Seeds are contained within fruits which provide protection for the developing embryo and, often, a means of dispersal. Fruits can be sorted into two main categories; true fruits and false fruits. True fruits are formed from the ovary wall after fertilisation, while false fruits are formed from other parts of the flower other than, or as well as, the ovary wall. Within these two categories there are many different types of fruit:

True fruits

Dehiscent (seeds released into the air while fruit remains on parent plant) fruits


These are often rounded fruits formed from a superior or inferior ovary (superior growing above the other flower parts, inferior growing under them, inset into the receptacle). Capsules shed seeds in different ways; same split down their length to release seeds, while others have holes near the top of the capsule through which seeds exit.

Examples of capsules:

  • Poppy fruit (eg Papaver somniferum)
  • Pink (Dianthus spp.) fruit
  • Primrose (Primula spp.) fruit
  • Evening Primrose (Oenothera spp.) fruit
  • Violet fruit
  • Lily fruit
  • Foxglove (Digitalis spp.)


A pod-like structure which has a central portion with the seeds attached to it and two sides fitted to it which split off so the seeds can fall from the central portion.

Examples of siliquas:

  • Mustard fruits (eg Brassica rapa)
  • Wallflower (Erysimum cheiri)
  • Cabbage (Brassica olearacea)
  • Honesty (Lunaria annua)


A single pod-like structure which splits down both sides to release the seeds.

Examples of legumes:

  • Lupin fruit (Lupinus spp.)
  • Pea pods (Pisum sativum)
  • Sweet pea (Lathyrus odoratus)
  • Peanuts
  • Wisteria fruit


A single pod-like structure which splits down one side at maturity to release the seeds.

Exampes of follicles:

  • Monkshood fruit
  • Milkweed fruit (Aclepias spp.)
  • Magnolias
  • Columbines (Aquilegia spp.)

Indehiscent (seed remains in fruit after it has been shed from parent plant) succulent (juicy) fruits


A drupe usually contains one seed only and the inner layer of the fruit is hardened and adheres tightly to the seed. The outer layers of the fruit are usually fleshy, although in the case of coconuts, for example, they are fibrous.

Examples of drupes:

  • Sloe fruit
  • Peaches
  • Cherries
  • Coconuts
  • Olives
  • Plums
  • Raspberry (this is a group or ‘aggregation’ of drupes)
  • Blackberry (this is a group or ‘aggregation’ of drupes)


Generally a berry contains many seeds and is fleshy throughout.

Examples of berries:

  • Viburnum fruit
  • Tomatoes
  • Dates
  • Grapes
  • Kiwi
  • Coffee


These are berres where the skin is slightly hardened.

Examples of pepos:

  • Cucumbers
  • Courgettes


Berries with a thickened skin (called a rind).

Examples of hesperidiums

  • Lemons
  • Limes
  • Oranges

Multiple fruits

These are fleshy fruits which are derived from more than one flower, where the ovaries of the flowers have been squeezed together as they grew to form one fruit. There are three types of multiple fruits:

  • Sorosis – eg Mulberry (Morus) fruit
  • Syngonium – eg Figs (Ficus)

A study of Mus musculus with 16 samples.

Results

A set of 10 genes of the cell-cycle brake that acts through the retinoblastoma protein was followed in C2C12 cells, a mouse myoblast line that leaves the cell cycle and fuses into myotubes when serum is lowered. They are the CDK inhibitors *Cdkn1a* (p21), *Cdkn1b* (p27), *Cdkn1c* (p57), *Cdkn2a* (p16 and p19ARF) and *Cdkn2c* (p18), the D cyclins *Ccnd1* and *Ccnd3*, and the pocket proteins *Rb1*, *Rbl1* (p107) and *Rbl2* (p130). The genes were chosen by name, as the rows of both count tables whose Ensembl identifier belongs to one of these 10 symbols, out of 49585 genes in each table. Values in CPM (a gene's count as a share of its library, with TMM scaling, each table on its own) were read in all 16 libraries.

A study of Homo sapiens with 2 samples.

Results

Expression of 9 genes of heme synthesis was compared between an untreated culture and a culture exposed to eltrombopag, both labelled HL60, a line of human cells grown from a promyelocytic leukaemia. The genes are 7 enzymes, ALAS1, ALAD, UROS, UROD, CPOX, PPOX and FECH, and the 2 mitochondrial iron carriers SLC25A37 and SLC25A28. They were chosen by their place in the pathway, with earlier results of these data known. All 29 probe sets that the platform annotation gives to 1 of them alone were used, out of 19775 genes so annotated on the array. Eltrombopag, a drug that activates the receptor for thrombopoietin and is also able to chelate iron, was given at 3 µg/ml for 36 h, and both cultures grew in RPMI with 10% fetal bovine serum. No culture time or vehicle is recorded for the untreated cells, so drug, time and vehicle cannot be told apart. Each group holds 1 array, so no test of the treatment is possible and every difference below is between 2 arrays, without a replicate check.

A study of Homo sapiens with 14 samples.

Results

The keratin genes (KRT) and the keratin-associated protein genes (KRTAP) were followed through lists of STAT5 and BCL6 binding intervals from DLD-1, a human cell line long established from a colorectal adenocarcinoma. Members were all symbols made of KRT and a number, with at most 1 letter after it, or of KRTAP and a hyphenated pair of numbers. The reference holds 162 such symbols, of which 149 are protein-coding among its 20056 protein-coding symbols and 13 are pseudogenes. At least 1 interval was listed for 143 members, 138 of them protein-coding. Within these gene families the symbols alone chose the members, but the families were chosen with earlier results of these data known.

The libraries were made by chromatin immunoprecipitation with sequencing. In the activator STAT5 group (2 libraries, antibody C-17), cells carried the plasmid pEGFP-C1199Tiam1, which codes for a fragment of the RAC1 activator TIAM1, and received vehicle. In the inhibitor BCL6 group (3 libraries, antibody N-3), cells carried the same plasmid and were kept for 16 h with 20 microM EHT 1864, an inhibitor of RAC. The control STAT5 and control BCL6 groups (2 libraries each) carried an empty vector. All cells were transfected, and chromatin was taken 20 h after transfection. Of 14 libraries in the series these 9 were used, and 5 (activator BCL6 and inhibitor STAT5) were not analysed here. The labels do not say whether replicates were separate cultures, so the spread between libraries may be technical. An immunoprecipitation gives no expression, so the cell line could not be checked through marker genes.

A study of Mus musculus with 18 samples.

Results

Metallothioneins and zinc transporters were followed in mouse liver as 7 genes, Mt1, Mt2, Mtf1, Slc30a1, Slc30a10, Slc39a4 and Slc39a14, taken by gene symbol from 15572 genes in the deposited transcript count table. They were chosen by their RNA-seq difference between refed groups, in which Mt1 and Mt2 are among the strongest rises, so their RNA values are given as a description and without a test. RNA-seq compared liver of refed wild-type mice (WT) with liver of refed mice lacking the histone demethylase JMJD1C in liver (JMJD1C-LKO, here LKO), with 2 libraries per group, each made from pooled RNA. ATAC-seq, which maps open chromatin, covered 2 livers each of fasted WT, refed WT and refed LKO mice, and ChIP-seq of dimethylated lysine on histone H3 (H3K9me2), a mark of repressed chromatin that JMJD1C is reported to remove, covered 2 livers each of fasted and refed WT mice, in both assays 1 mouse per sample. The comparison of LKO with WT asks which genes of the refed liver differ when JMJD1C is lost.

• Coenocarpium – eg Pineapples (Ananas)

Indehiscent dry fruits


These are single seeded fruits which are hardened to protect the seed. The majority of nuts are actually achene fruits. Some of the fruit we have listed here as achenes are, technically, cypselas because they have a stony fruit wall and are derived from a compound ovary. But that’s a bit too much detail for us!

Examples of achenes:

  • Acorns (oak fruit)
  • Buttercup fruit
  • Hazelnuts
  • Dandelion (this fruit also has a modified calyx attached to it to form a plume-like structure to help it float and be distributed by the wind)
  • Strawberries (see also ‘pseudocarp’ below)
  • Sunflower (Helianthus annuus)
  • Clematis (Clematis spp.)
  • Coreopsis (Coreopsis spp.)
  • Dahlia (Dahlia spp.)
  • Marigold (Calendula spp.)
  • Zinnia (Zinnia spp.)
  • Chestnut (Castanea sativa)


These are winged achenes, enabling the fruit to be carried by the wind. Some of these are, technically, schizocarp since they are divided into two or more one-seeded parts (eg maple fruits have two fruits with one seed each, each fruit has one ‘wing’ and they are stuck together to form a two winged device).

Examples of samaras:

  • Elm fruit (Ulnus spp.)
  • Ash fruit (Fraxinus spp.)
  • Maple fruit (Acer spp.)


These are grains; fruit where the seed coat is fused to the wall of the fruit.

Examples of caryopsis:

  • Grasses, eg wheat, rice, barley
  • Sweetcorn (Zea mays)

False fruits

Some fruits develop without seeds, these are known as parthenocarpic fruits. Cultivated strains of bananas, grapes and cucumbers are generally parthenocarpic (seedless).


Pomes are derived from ovaries which are ‘inferior’, that is to say that they are positioned below the other parts of the flower (inset into the receptacle). The fruit comes from the inferior ovary plus a swollen receptacle area and/or other parts of the perianth. In apples, for example, the central ‘core’ (which contains the seeds) is the remains of the ovary, the main part of the flesh is actually the swollen receptacle.

Examples of pomes:

  • Apples (Malus domestica)
  • Pears (Pyrus spp.)


These are fruits where the ‘bulk’ of what appears to be the fruit is actually an accessory to the true fruit.

Example of a pseudocarp:

  • Strawberries (the real fruits are the achenes stuck on the outside of the false fruit)
  • Rose hips (the real fruits are the achenes within the fruit)

Apples and pears may also be considered to be pseudocarps.